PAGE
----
Environmental and Social Indexes Target Millennial Investors

Goldman Sachs Asset Management and S&P Dow Jones Indices are just two firms catering to this large and increasingly affluent group.


T.J. Kirkpatrick/Bloomberg

The environmental and socially responsible index products launched by S&P Dow Jones Indices in late June aren’t the first that the firm has released into the sustainable-investing space, but they do have a novelty. The indexes represent an innovative attempt by the company to target sustainable index products at a specific generation: bike-riding, organic-produce-seeking, social-media-petition-signing Millennials.

“We’ve been hearing from Millennials and tech entrepreneurs that they care about their carbon footprint, and also about firearm and military sales, health and safety associated with tobacco, along with other social values,” says Monali Vora, a New York–based managing director in the quantitative investment strategies team at Goldman Sachs Asset Management (GSAM). The firm, which manages or advises on more than $1 trillion in assets, collaborated on the creation of the two new S&P Dow Jones indexes and is their sole licensee, making them available to clients of its high-net-worth division. “They incorporate these values in all parts of their day-to-day life, and it makes sense that they want to do so in their investments as well.”

The new indexes are the S&P 500 Environmental & Socially Responsible index, which is based on the S&P 500, and the S&P International Environmental & Socially Responsible index, derived from the S&P Developed BMI Ex-U.S. & Korea LargeMidcap.

To create the indexes, S&P Dow Jones Indices applies three filters: It removes corporations with fossil fuel reserves, those that are engaged in weapons production and those that have ties to the manufacture or sale of tobacco. Then the firm screens the remaining companies to remove the lowest quartile of environmental and social performers.

Back-testing shows that the two new indexes would have produced returns over the past five years comparable to those of their underlying benchmarks, says Alka Banerjee, managing director of equity indexes product management at S&P Dow Jones Indices.

The target audience for these indexes cares more about carbon footprint and less about the “governance” part of the environmental, social and governance approach to filtering investments than do other ESG clients, says Banerjee. “Many investors want ESG, but the flavor of ESG might be slightly different based on your demographic,” she says. “This particular design is catering to the very current and present concerns of young and upcoming Millennial investors.”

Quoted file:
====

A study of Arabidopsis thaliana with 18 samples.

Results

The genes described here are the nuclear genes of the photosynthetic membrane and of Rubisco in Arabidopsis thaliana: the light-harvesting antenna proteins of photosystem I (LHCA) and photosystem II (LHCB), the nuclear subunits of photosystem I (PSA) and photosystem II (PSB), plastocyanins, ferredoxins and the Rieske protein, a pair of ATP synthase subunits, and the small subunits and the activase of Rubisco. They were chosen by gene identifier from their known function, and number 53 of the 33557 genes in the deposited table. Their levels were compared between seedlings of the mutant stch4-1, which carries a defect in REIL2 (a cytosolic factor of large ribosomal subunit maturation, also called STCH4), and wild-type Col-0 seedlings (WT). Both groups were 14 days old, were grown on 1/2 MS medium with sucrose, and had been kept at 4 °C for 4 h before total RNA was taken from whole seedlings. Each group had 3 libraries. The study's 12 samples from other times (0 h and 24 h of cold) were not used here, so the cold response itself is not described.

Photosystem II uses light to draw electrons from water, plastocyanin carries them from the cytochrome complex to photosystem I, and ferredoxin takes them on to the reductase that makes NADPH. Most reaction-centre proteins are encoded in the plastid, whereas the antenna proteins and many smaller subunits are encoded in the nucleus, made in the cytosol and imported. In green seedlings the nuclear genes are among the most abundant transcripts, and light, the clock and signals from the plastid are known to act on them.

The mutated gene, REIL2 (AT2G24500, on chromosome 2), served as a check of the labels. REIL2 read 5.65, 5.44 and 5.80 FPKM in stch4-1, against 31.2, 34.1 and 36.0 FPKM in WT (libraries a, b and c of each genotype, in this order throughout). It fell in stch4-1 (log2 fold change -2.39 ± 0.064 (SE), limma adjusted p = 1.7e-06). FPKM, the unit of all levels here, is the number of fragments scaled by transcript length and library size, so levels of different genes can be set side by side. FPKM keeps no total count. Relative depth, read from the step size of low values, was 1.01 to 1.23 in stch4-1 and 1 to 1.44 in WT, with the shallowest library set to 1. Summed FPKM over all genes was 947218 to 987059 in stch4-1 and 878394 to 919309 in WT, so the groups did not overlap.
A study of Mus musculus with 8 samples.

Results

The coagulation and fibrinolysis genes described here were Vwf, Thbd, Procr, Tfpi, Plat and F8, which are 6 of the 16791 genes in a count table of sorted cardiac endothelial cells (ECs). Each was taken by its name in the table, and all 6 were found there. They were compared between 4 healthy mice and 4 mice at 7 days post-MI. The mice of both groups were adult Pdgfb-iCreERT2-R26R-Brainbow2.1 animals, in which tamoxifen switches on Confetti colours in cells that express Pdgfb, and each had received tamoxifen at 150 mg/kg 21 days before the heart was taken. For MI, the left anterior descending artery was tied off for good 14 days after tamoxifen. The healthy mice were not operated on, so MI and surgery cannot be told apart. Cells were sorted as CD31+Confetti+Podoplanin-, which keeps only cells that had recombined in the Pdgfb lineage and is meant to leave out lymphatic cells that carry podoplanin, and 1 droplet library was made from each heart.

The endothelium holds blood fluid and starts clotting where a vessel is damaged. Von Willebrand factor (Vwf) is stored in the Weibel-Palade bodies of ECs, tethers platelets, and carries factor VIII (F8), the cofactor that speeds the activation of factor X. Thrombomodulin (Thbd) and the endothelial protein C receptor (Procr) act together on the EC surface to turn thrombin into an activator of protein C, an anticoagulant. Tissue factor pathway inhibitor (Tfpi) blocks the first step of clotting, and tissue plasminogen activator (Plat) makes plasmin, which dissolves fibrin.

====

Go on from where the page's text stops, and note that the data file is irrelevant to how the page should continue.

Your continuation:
A few figures illustrate why institutions like S&P Dow Jones Indices and GSAM are so eager to cater to the preferences of Millennials, those born between the early 1980s and early 2000s. According to data from Goldman Sachs, the 92 million U.S. Millennials constitute the largest generation in the country’s history, outpacing the 77 million baby boomers. And over the next few decades, as baby boomers pass their wealth to heirs, an unprecedented $30 trillion will change hands, according to consulting firm Accenture.

These firms and others have determined that environmentally and socially responsible strategies may be one of the key ways into Millennials’ hearts and wallets. A February report by Morgan Stanley declared that children of the 1980s and ’90s are nearly twice as likely as the overall individual investor population to allocate to companies or funds that target specific social or environmental outcomes.

A 2013 survey by Merrill Lynch’s Private Banking and Investment Group found similar results, says Michael Liersch, the firm’s director of behavioral finance. “This cohort is interested in aligning personal values with their investments, whether it is a specific product selection that would be aligned with some social impact they want to have, all the way to negative screening,” he says.

Jessica Matthews, head of the mission-related investing practice at Cambridge Associates, says she’s seeing the generational trend among her firm’s clients too. In 2013, Cambridge Associates launched its annual Next Generation Conference, which is designed to help young heirs ease into their roles as asset owners. Each year the conference hosts a session on socially responsible investing, which is especially popular among younger attendees, says Matthews, who’s based in Cambridge Associates’ Menlo Park, California, office.

“You can generalize to some degree that the Millennials in families are really driving a lot of the interest now” in sustainable investing, she says. “I have argued, too, that when you start to see younger people getting positions on investment committees at foundations and endowments, I think that’s going to start influencing them that way as well.”

For its part, GSAM signaled further commitment to responsible investing in mid-July with its purchase of $550 million ESG-focused firm Imprint Capital Advisors, based in San Francisco. In June GSAM appointed managing director Hugh Lawson to a new position overseeing global sustainable-investing efforts.

Bank of America Merrill Lynch formed a 17-member Millennial Advisory Board earlier this year, says Liersch. Board members are young firm employees across divisions who gather twice a year to discuss how Bank of America Merrill Lynch can help clients align their values with banking and investment activities, how to improve brand perception and how to promote institutional trust among Millennial clients.

The advisory board “was an idea that came out of all the information we’re learning from our clients, and we thought, How can we align that from the perspective of the Millennials internally at our firm?” Liersch says.